Can I evict my tenant? A guide for rental property owners
Zoe Davies | Trainee Solicitor
If you are a landlord wondering what your rights are during this time, we can help.
Current Possession Ban
The Coronavirus Act 2020, suspended possession proceeding from 27 March 2020 until 25 June 2020. The Government recently announced an extension to the ban until 23 August 2020.
This means, if a landlord applied for possession before 27 March 2020, the case was put on hold, regardless of what stage it was at and no new possession claims would be processed. The Government Guidance is also to not issue proceedings or serve notices without a “very good reason”.
So what is a “very good reason”?
It has not been made clear what a “very good reason” is.
It can be presumed that if a tenant is in rent arrears, the Court is unlikely to accept this as “a very good reason” as the Government has actively promoted that landlords and tenants should agree, if the need arises, to defer or reduce rental payments and furthermore landlords can obtain a mortgage holidays during this time.
Anti-Social behaviour has continually been an issue throughout lockdown and some have flaunted lockdown rules. Depending on the behaviour, landlords may be able to commence possession proceedings on the grounds that their tenants have committed anti-social behaviour and/or have flaunted lockdown rules, provided the Court accepts these grounds as “very good reasons” for doing so.
Similarly, if landlords have already served a notice and it is about to expire, they may believe they have a very good reason to issue proceedings, but it is likely that the Courts will stay the proceedings once issued.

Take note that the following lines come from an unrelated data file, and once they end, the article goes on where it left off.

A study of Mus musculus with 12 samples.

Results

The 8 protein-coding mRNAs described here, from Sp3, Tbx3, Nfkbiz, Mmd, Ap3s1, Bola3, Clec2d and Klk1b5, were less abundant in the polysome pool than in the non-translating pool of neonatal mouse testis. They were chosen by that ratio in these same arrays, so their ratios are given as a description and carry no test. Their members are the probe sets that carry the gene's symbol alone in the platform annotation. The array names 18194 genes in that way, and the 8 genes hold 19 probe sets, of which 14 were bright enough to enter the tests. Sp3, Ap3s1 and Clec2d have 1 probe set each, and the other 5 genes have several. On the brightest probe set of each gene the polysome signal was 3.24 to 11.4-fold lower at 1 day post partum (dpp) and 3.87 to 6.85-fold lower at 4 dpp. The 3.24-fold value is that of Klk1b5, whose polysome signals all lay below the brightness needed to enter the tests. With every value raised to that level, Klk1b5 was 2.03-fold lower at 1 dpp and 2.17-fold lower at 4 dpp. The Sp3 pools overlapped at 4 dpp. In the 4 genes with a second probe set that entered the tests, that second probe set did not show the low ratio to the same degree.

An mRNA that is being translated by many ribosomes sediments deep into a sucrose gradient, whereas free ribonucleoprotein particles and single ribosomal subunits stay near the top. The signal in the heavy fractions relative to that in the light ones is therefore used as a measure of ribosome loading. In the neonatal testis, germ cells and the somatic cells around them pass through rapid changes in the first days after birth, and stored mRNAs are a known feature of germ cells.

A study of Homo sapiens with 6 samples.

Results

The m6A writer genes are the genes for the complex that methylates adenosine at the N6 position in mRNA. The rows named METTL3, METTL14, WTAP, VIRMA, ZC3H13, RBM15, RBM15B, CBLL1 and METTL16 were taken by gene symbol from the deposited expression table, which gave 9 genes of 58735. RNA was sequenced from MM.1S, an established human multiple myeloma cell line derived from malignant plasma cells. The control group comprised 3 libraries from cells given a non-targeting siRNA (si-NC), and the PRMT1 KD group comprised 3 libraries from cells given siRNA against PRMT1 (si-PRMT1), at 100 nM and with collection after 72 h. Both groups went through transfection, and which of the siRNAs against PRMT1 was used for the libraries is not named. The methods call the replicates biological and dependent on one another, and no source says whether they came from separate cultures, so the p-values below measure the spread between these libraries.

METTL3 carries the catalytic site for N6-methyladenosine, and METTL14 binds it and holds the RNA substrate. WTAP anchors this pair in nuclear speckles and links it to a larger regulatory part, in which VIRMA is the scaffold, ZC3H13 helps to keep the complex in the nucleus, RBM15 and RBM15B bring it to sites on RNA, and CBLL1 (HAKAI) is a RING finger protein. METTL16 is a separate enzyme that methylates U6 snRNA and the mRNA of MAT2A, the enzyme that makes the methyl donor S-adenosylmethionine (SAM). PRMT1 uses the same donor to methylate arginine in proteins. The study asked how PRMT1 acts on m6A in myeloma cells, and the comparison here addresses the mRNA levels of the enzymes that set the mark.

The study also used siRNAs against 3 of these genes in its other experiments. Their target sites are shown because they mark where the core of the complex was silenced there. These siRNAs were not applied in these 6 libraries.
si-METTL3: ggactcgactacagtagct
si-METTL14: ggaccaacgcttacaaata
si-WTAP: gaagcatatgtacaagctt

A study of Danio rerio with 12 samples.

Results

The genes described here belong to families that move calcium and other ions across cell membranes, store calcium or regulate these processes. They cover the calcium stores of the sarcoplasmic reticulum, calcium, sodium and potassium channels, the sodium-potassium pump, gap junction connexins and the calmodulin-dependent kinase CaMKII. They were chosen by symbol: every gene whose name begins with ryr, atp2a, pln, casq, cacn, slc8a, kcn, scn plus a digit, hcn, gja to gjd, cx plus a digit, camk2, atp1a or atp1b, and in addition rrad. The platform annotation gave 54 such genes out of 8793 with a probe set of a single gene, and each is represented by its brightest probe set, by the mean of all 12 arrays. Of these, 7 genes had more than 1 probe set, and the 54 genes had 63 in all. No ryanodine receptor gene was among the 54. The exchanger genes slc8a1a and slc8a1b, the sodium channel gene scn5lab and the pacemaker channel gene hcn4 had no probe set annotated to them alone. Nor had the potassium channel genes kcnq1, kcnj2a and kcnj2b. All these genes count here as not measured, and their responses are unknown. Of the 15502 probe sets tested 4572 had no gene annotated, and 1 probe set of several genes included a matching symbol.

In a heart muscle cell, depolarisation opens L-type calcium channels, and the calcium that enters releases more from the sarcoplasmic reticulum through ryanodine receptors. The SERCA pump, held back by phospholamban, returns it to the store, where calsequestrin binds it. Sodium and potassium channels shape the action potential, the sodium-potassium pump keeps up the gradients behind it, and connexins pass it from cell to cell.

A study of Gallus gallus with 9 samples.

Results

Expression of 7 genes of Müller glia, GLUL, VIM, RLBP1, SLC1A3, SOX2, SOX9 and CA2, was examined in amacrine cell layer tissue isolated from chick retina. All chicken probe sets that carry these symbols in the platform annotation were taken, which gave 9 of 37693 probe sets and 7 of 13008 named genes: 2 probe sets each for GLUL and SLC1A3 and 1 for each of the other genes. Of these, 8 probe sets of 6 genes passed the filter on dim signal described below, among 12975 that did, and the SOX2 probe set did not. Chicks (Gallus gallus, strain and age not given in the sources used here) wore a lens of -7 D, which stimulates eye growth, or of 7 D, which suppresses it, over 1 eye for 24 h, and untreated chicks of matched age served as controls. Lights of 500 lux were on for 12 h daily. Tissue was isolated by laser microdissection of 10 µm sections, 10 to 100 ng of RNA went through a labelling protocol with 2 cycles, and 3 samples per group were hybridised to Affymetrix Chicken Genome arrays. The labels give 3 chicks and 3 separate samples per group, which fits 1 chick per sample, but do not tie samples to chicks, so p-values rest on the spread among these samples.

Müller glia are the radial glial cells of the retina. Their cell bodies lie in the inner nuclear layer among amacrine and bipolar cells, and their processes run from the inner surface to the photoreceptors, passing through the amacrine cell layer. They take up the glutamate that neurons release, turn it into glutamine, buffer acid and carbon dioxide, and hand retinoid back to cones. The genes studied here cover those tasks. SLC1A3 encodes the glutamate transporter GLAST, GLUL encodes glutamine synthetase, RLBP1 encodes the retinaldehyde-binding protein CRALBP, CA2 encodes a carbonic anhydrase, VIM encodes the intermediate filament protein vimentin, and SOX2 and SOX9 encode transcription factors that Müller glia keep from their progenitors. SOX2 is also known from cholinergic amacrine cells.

Ultimately, it seems the Court will deal with repossession claims on a case by case basis.
What if I want to evict my tenant?
Before you can begin possession proceedings, you must serve the relevant notice, giving the tenant a chance to vacate of their own accord.
If your tenant is in rental arrears or has exhibited Anti-Social behaviour, you can serve a Section 8 Notice. Alternatively, if you have complied completely with the How to Rent Guide, you will be able to serve a 21 Notice on your tenant.
The notice period is three months to vacate under the temporary legislation on possession proceedings. Once you have served your notice and the time period has elapsed, you can issue proceedings in the Court, although it is not advised to do this until the ban has been lifted, as your claim will not be progressed by the Court.
If you would like us to prepare a notice; have a notice that is about to expire and need help issuing proceedings or need any further advice on where you stand under the current rules, please contact our Landlord & Tenant specialists here for further assistance.